I was at the Dustbowl Dojo last Saturday and Gary heard me mention Thomas Merton and so he lent me a book by him from the Zen Library they have there. There were two books by Merton, and a third book by someone named Mirken, but I chose the Merton book that was about the Tao. The other Merton book was about Zen. The following quote is from Wikipedia, and I wondered if the Chinese characters would display in my blog. So far it looks like they do. The Merton book has translations of this book, but not really translations because Merton could not read Chinese, but he created a synthesis from 4 other translations, 2 in English, 1 in French, and 1 in German. If you have any questions you can post them as comments, and I will no doubt write about the Tao at greater length in the not-too-distant future.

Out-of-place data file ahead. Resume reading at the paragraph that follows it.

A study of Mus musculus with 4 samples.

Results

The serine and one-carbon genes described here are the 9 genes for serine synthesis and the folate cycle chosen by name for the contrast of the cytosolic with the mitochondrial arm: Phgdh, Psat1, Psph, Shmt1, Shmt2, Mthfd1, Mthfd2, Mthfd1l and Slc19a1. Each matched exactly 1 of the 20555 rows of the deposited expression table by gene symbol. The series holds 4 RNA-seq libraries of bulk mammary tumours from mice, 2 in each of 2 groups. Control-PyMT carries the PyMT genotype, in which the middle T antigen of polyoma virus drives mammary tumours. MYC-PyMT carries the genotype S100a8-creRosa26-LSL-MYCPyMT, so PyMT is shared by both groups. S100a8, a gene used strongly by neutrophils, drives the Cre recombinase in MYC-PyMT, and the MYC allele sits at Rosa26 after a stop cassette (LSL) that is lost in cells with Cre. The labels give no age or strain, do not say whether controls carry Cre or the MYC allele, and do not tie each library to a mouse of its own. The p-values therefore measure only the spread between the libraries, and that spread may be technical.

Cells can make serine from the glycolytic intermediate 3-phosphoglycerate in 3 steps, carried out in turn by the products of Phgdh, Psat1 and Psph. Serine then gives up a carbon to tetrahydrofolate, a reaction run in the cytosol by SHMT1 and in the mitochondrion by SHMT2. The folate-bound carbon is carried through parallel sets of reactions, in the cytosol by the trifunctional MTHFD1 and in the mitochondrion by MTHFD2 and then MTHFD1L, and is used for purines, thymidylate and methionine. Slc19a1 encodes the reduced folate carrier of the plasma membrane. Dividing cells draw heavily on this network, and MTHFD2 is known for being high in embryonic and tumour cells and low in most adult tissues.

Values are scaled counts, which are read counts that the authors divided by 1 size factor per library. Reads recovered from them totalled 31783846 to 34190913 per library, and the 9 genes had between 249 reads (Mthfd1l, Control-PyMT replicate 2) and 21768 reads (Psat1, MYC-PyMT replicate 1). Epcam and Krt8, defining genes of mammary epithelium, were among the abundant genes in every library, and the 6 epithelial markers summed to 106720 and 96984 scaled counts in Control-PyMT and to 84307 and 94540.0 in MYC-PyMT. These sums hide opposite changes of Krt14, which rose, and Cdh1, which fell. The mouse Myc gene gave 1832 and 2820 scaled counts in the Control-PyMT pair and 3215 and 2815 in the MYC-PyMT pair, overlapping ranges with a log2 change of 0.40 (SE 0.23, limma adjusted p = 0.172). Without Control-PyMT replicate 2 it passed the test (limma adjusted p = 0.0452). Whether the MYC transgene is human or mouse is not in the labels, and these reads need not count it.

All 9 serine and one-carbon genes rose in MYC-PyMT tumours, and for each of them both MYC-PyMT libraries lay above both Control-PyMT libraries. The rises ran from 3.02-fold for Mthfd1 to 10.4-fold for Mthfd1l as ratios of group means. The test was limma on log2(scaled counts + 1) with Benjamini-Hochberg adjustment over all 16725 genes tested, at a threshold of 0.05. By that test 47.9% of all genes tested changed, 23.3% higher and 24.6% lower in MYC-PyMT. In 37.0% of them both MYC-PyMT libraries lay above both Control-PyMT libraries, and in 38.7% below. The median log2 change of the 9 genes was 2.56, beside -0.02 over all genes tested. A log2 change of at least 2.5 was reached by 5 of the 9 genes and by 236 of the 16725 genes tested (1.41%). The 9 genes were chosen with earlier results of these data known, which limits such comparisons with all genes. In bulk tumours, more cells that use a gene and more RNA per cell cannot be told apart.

“The Debate on the Joy of Fish”
The story of “The Debate on the Joy of Fish” is a well-known anecdote that has been compared to the Socratic dialogue tradition of ancient Greece.
Zhuangzi and Huizi were enjoying themselves on the bridge over the Hao River. Zhuangzi said, “The minnows are darting about free and easy! This is how fish are happy.”
Huizi replied, “You are not a fish. How do you know that the fish are happy?” Zhuangzi said, “You are not I. How do you know that I do not know that the fish are happy?”
Huizi said, “I am not you, to be sure, so of course I don’t know about you. But you obviously are not a fish; so the case is complete that you do not know that the fish are happy.”
Zhuangzi said, “Let’s go back to the beginning of this. You said, How do you know that the fish are happy; but in asking me this, you already knew that I know it. I know it right here above the Hao.”